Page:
It's official. The former U.S. Vice President, Joe Biden, announced his bid for president.
Biden made the announcement by releasing his first campaign video on Monday, the same day as what will be his first campaign event.
"The core values of this nation… our standing in the world… our very democracy...everything that has made America — America — is at stake. That’s why today I’m announcing my candidacy for President of the United States," Biden wrote on Twitter.
The former vice president's team has been laying the campaign groundwork for months, with Biden's decision growing less secretive or suspenseful in the days leading up to the announcement.
He is scheduled to hold his first campaign event in Pittsburgh on Monday, a source said, and plans to hit the road to the early-voting states of Iowa, South Carolina and New Hampshire in the coming days.
His political action committee, American Possibilities, sent an email to supporters on Tuesday to urge them to sign up for the news.
"We'll cut to the chase," the message said. "There has been a lot of chatter about what Joe Biden plans to do. As one of Joe's top supporters, we want you to be the first to know!"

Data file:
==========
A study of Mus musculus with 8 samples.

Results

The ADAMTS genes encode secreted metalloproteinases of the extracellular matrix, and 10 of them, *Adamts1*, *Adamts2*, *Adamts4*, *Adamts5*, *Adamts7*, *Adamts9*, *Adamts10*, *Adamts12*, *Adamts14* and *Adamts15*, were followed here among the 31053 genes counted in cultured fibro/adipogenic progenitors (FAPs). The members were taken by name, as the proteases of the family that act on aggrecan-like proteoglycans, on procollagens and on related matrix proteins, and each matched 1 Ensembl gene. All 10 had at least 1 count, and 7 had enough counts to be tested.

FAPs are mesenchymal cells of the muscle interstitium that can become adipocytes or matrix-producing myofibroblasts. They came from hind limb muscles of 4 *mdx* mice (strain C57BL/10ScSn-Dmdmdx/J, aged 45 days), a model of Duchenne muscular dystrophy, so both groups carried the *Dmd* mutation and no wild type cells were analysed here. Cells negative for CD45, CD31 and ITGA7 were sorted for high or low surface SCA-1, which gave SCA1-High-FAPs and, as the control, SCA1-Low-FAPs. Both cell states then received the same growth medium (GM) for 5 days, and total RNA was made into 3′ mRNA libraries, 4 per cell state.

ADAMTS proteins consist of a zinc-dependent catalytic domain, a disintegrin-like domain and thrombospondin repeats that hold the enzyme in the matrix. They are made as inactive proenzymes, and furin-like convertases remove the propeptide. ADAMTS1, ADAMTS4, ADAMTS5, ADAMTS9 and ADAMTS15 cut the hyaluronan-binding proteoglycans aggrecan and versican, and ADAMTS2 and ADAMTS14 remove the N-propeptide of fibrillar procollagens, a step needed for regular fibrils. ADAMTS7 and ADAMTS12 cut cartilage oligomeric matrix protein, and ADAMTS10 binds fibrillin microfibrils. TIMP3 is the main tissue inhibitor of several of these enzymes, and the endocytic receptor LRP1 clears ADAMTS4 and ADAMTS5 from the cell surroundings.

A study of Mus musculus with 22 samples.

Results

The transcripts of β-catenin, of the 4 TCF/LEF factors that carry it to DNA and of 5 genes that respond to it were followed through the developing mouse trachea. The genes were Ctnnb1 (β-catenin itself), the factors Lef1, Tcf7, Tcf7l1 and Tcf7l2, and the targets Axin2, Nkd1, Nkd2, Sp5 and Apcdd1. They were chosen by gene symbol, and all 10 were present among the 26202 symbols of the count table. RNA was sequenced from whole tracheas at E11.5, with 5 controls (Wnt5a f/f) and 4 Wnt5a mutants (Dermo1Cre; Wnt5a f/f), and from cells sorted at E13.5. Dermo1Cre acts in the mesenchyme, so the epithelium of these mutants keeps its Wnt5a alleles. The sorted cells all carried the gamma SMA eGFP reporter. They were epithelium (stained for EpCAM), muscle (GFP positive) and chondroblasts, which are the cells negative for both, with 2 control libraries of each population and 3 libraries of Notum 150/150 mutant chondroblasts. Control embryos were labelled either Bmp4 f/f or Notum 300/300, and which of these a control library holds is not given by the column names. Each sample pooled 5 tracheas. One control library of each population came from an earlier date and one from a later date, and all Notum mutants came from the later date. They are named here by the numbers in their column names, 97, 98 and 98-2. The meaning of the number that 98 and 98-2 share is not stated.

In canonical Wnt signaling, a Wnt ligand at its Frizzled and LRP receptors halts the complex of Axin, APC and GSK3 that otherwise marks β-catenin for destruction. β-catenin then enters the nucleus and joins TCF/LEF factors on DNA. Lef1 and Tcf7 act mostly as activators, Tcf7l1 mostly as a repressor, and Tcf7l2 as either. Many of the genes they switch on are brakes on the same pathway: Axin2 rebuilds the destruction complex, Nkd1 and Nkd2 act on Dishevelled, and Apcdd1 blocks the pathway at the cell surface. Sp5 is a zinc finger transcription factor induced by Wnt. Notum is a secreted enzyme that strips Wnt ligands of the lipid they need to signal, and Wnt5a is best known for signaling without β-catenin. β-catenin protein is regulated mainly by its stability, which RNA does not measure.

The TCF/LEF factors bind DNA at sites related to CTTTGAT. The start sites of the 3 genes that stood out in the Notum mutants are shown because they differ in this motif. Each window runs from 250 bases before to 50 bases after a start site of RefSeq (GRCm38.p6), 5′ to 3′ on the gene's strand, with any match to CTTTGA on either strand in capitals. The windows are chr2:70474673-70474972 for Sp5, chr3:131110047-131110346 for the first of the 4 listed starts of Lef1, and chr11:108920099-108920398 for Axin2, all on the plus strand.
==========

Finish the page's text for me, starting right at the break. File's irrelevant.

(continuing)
He is jumping into a race already in progress with a crowded field of Democrats. He's closely watched the campaign from the sidelines, aides said, following the policy debates and the introduction of rising stars less than half his age.
This will mark his third run for the White House. But everything is different this time around, as he runs as a popular former vice president to Barack Obama. It's a far loftier post than running as a Democratic senator from Delaware, which he unsuccessfully did in the 1988 and 2008 campaigns.
Biden, 76, will be the second oldest candidate in the race, with the longest record of public service. Only Bernie Sanders, 77, is older.